A Model for the Nation

If there's one thing Republicans should have taken away from the 2012 election cycle, it's that you should be very careful what you describe as a model for the nation. A lesson that Louisiana Governor Bobby Jindal clearly didn't learn.

“I think there is a moral imperative that it’s not right that only wealthy parents get to decide where their kids go to school,” Jindal told an audience at Washington’s Brookings Institution. [...]

“To oppose school choice is to oppose equal opportunity for poor and disadvantaged students in America,” he said. “What we are putting in motion in Louisiana can be done across the country.”

At face value, what he says may sound appealing, but describing it as a model for the rest of the nation won't seem like such a good idea after people learn that the primary benefactors of your policy are religious fundamentalists who believe Jesus rode a dinosaur and that the Loch Ness Monster really did ask Chef's father for $3.50.

Voters also may not find that idea quite as appealing after they learn that they will be the ones paying for it, as Jindal's voucher program uses money intended for public schools to send children to alternative schools where they learn that dragons are real and that the KKK really wasn't so bad.

Of course the fact that the law was recently found unconstitutional may also prove to be a snag in Jindal's plans to push this on the rest of the nation.

Bobby Jindal clearly has his eyes set on higher office, but Governor Howdy Doody is completely out of his depth. No amount of sweet talk will erase the batshittery he has supported or the fact that he strongly resembles a more soft-spoken version of Rick Santorum.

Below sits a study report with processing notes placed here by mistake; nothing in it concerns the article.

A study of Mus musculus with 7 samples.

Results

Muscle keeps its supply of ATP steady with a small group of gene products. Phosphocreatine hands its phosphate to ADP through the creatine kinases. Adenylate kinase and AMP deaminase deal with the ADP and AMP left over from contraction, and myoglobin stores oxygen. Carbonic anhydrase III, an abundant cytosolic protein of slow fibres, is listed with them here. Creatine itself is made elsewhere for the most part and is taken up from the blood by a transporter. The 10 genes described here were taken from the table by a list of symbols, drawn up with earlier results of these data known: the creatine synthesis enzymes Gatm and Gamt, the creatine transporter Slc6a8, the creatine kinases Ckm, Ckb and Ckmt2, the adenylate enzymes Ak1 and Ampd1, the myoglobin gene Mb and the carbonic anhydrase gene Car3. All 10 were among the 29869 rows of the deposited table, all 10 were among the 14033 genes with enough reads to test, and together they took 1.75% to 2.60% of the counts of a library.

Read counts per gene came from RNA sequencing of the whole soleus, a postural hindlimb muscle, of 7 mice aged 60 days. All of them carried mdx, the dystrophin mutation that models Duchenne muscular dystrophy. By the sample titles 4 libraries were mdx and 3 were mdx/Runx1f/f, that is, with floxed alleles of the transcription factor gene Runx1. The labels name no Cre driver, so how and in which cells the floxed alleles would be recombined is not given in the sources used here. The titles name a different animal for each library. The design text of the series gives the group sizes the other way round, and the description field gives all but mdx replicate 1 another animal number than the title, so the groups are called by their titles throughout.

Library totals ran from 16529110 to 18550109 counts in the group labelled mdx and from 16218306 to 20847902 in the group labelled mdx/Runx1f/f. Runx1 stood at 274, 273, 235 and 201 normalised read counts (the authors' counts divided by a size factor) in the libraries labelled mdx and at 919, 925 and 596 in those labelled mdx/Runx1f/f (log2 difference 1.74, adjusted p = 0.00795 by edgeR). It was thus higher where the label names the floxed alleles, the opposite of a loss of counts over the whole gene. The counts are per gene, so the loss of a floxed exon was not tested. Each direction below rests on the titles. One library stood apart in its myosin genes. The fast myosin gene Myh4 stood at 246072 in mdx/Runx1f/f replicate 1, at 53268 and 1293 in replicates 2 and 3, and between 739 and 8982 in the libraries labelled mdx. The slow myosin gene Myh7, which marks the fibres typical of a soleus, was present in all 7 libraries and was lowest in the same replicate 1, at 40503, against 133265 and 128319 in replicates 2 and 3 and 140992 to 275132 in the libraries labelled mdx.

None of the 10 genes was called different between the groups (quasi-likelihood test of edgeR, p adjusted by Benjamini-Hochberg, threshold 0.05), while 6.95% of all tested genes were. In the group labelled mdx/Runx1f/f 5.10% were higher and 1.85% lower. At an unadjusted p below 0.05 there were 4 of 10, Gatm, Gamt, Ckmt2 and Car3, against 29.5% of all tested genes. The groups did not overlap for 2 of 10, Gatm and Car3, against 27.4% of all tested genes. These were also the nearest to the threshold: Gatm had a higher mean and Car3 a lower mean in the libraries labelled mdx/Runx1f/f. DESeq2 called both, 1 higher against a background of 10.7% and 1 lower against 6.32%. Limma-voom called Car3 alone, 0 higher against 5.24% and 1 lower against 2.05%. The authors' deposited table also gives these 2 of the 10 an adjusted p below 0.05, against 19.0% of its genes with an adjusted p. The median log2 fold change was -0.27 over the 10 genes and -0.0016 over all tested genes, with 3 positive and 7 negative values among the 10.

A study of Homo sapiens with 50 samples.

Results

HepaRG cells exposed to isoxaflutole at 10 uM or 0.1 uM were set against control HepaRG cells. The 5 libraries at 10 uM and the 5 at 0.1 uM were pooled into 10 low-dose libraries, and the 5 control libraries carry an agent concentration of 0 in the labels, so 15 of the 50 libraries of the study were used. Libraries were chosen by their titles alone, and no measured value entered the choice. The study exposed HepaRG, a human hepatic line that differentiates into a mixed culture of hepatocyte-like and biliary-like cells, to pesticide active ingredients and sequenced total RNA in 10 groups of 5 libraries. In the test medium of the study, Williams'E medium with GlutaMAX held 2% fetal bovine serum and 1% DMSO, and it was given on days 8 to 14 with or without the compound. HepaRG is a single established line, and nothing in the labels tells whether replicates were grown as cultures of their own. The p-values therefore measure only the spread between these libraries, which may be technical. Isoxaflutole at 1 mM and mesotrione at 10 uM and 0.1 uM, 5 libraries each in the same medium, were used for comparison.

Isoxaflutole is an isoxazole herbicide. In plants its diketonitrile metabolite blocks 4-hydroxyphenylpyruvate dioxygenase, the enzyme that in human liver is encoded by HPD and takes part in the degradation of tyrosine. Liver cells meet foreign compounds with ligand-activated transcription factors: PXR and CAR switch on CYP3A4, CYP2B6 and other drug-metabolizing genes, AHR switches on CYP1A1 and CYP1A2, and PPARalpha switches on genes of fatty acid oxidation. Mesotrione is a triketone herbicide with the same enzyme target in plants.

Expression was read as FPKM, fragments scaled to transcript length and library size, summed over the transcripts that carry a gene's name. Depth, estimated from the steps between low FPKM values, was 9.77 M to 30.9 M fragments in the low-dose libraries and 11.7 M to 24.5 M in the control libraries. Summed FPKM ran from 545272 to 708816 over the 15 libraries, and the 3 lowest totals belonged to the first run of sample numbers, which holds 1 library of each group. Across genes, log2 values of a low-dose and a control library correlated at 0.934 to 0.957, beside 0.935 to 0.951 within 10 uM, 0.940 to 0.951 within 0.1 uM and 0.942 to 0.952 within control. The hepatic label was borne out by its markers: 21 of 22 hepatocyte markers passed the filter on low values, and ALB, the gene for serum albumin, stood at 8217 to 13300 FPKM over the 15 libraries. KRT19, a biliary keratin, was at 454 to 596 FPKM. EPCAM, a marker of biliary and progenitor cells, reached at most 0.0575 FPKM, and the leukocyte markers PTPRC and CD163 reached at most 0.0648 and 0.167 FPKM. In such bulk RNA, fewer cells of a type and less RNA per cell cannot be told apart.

• trgahan

    Drives me insane that no one in the MSM seems to point out that all this school choise/voucher BS is just another con that sends public money to private bank accounts. The voucher amounts are never enough for a low income earner to send their kids to a quality private school. But for wealthy people who already do, it is a tax payer funds for wealthy kids schooling.

    The rich get richer at the public expense (again) and the poor get cut-rate pseudo private schools teaching creationism.

  • muselet

    “To oppose school choice is to oppose equal opportunity for poor and disadvantaged students in America.”

    This might arguably be a valid argument, if and only if those poor and disadvantaged students get vouchers that are sufficient to pay tuition at the same schools as the rich and advantaged. Otherwise, they’re just getting screwed over.


  • Victor_the_Crab

    Jindal reminds me more of Alfred E. Newman.

  • D_C_Wilson

    The day Louisiana is a model for the nation for anything, especially education, is the day we go the was the Roman Empire.This is also the state that passed the ironically named “academic freedom” bill which was designed to give teachers cover if they tried to sneak some creationism into biology class.

    Jindal’s primary supporters are the flat earthers and the dinosaur riding Jesus crowd. This money-for-religious schools bill was a big sloppy wet kiss for them.

    The funniest thing was when one of the bill’s primary sponsors in the Louisiana state legislature was shocked to learn that making taxpayer funds available for religious schools meant that Muslim schools could apply for that money, too. She honestly thought it would just go to Christian schools.

    • bphoon

      I don’t know…maybe Louisiana’s food could become a model for the nation. Other than that…not so much.

  • bphoon

    That picture is one I just can’t get out of my mind every time Piyush’s name comes up. That and the one where he was looking steely-eyed out over the Gulf from the prow of his skiff during the BP oil spill. Remember his Big Idea for protecting the Louisiana coast from incoming oil? Yeah, dumping a bunch of sand off the coast to create berms that would then prevent the oil from washing ashore. The sand, after being dumped, quickly washed away due to tidal action. Like, Duh!

    Yeah, Piyush. that didn’t work, either.